A new hydroelectricity plant will open next year in Hong Kong to be followed by construction of the city’s first desalination plant as leaders seek new water supplies and aim to reduce water demand.
The plans were outlined by Enoch Lam, Hong Kong’s Director of Water Supplies, during the Eco Expo Asia event in Hong Kong (26-29 October). Lam said the Tuen Mun Water Hydro plant will provide 10 percent of the city’s electricity once it opens in February.
“More hydroelectricity options are being explored as part of our total water management strategy that uses adaptation, mitigation and resilience as we face climate change threats,” he said.
Pilots have also been launched that include floating solar panels on reservoirs that can supplement the power supply, wave power and refitting 60 government buildings and schools to recycle rainwater.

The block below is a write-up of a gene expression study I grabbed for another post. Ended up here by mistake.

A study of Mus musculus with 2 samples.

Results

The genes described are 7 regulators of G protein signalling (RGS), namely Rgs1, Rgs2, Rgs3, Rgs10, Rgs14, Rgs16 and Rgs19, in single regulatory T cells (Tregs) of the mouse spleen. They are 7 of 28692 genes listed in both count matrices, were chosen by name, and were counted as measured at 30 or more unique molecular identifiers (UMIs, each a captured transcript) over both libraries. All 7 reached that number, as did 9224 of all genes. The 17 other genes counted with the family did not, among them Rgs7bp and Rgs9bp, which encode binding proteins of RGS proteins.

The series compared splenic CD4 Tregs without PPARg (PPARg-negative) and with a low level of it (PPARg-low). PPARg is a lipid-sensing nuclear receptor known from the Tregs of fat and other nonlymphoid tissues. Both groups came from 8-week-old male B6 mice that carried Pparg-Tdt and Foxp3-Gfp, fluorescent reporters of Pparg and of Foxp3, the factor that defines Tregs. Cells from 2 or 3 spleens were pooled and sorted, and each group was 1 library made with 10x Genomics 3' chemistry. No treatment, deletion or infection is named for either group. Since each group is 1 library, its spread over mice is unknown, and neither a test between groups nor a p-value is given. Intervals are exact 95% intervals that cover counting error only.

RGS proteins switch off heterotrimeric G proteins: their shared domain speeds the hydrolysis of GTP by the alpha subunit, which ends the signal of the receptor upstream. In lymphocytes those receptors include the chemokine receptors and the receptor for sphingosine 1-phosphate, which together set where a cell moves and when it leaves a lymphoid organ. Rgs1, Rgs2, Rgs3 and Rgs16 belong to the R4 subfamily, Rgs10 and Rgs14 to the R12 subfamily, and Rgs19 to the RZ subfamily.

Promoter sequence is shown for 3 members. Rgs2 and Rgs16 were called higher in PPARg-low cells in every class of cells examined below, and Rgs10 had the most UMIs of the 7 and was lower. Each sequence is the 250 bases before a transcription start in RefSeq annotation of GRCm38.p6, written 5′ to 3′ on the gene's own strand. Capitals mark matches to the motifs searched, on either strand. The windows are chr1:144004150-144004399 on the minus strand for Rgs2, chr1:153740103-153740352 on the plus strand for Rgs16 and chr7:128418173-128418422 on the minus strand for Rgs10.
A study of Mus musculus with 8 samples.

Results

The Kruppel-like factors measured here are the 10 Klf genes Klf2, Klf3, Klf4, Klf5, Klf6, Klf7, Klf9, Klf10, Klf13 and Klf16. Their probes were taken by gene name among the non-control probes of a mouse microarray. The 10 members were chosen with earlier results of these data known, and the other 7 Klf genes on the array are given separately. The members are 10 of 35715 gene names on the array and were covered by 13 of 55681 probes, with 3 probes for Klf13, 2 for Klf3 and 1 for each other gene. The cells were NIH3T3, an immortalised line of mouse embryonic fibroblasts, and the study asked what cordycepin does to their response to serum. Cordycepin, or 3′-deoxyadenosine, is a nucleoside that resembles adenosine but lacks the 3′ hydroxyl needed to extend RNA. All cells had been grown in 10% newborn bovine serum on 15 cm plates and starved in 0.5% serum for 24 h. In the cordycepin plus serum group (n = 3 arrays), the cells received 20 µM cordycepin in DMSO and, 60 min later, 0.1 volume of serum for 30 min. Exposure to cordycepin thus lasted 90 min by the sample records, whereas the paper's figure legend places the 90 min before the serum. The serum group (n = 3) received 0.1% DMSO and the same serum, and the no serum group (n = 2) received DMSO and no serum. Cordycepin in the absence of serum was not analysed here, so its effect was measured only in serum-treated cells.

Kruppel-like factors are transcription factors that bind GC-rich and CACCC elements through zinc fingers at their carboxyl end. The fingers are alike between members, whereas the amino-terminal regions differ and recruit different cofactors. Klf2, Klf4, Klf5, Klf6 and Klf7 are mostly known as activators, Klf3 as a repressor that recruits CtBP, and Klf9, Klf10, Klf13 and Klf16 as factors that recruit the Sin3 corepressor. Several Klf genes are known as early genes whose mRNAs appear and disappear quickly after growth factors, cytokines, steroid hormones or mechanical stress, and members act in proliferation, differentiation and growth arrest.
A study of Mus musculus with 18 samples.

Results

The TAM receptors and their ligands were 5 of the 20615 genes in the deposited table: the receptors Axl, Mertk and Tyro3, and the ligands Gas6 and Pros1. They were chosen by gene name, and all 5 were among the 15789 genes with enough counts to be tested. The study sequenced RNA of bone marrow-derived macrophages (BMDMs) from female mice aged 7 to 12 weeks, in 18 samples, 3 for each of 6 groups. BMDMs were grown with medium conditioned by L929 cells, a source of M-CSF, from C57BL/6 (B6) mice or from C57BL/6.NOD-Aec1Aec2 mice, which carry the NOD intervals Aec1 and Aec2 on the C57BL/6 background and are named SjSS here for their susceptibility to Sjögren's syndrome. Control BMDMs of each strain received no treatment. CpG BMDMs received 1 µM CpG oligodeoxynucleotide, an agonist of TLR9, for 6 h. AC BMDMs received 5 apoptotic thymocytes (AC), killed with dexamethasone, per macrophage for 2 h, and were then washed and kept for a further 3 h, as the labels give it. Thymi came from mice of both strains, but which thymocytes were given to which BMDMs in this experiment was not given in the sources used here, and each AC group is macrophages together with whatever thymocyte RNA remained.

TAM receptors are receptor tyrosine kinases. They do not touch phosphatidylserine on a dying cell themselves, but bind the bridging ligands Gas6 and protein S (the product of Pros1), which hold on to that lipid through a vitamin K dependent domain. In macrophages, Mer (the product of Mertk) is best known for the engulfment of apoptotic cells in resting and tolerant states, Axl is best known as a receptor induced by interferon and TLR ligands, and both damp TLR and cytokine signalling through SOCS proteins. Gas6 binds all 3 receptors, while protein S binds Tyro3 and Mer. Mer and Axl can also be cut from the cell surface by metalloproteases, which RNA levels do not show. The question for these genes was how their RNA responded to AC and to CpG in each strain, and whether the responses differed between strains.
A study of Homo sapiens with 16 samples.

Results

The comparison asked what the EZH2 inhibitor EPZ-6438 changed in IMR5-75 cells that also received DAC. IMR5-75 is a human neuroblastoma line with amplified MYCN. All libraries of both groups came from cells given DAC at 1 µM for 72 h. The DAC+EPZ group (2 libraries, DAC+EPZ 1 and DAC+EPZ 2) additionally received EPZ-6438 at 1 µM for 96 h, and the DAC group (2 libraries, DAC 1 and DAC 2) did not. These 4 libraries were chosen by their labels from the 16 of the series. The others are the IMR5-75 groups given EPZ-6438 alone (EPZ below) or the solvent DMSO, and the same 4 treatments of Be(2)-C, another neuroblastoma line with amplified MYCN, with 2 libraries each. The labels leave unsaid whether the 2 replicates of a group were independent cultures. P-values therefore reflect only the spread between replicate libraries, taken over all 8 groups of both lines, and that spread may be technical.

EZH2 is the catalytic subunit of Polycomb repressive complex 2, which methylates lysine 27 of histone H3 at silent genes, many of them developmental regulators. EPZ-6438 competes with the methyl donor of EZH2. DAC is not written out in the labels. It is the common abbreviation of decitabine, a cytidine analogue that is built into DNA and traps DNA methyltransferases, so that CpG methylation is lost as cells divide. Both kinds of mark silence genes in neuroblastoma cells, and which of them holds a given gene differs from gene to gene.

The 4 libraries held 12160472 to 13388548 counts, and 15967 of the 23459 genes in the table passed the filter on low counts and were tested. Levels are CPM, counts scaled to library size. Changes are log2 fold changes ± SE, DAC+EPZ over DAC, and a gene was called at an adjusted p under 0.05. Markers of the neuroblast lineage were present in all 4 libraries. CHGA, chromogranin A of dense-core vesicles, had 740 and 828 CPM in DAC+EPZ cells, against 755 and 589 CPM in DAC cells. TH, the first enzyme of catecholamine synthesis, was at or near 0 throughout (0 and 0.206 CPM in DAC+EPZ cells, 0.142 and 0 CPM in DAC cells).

In terms of conserving water the government launched a campaign to reduce each citizen’s use by 10 litres a day and has installed an intelligent water network, dividing the city into 2,000 district metering areas. Each area includes monitoring and sensing equipment that can actively detect leakage and send a team out for a speedy repair.
“While the government is happy to take the lead we still need to collaborate with the community and get them on board to participate,” added Lam.
Ways in which the city is further attempting to get citizens on board is through education centres, best practice audits for hotels and businesses and in November the city will host a water conservation week.
Lam later outlined that as Hong Kong grows and builds housing in the New Territories those new developments will be more self sufficient with water supplies.
“They will have their own water resources through a combination of measures as it simply does not make sense to pump water and wastewater such large distances,” he added.
Lam concluded that the city’s total water management strategy, released in 2008, is currently under review and will be updated next year.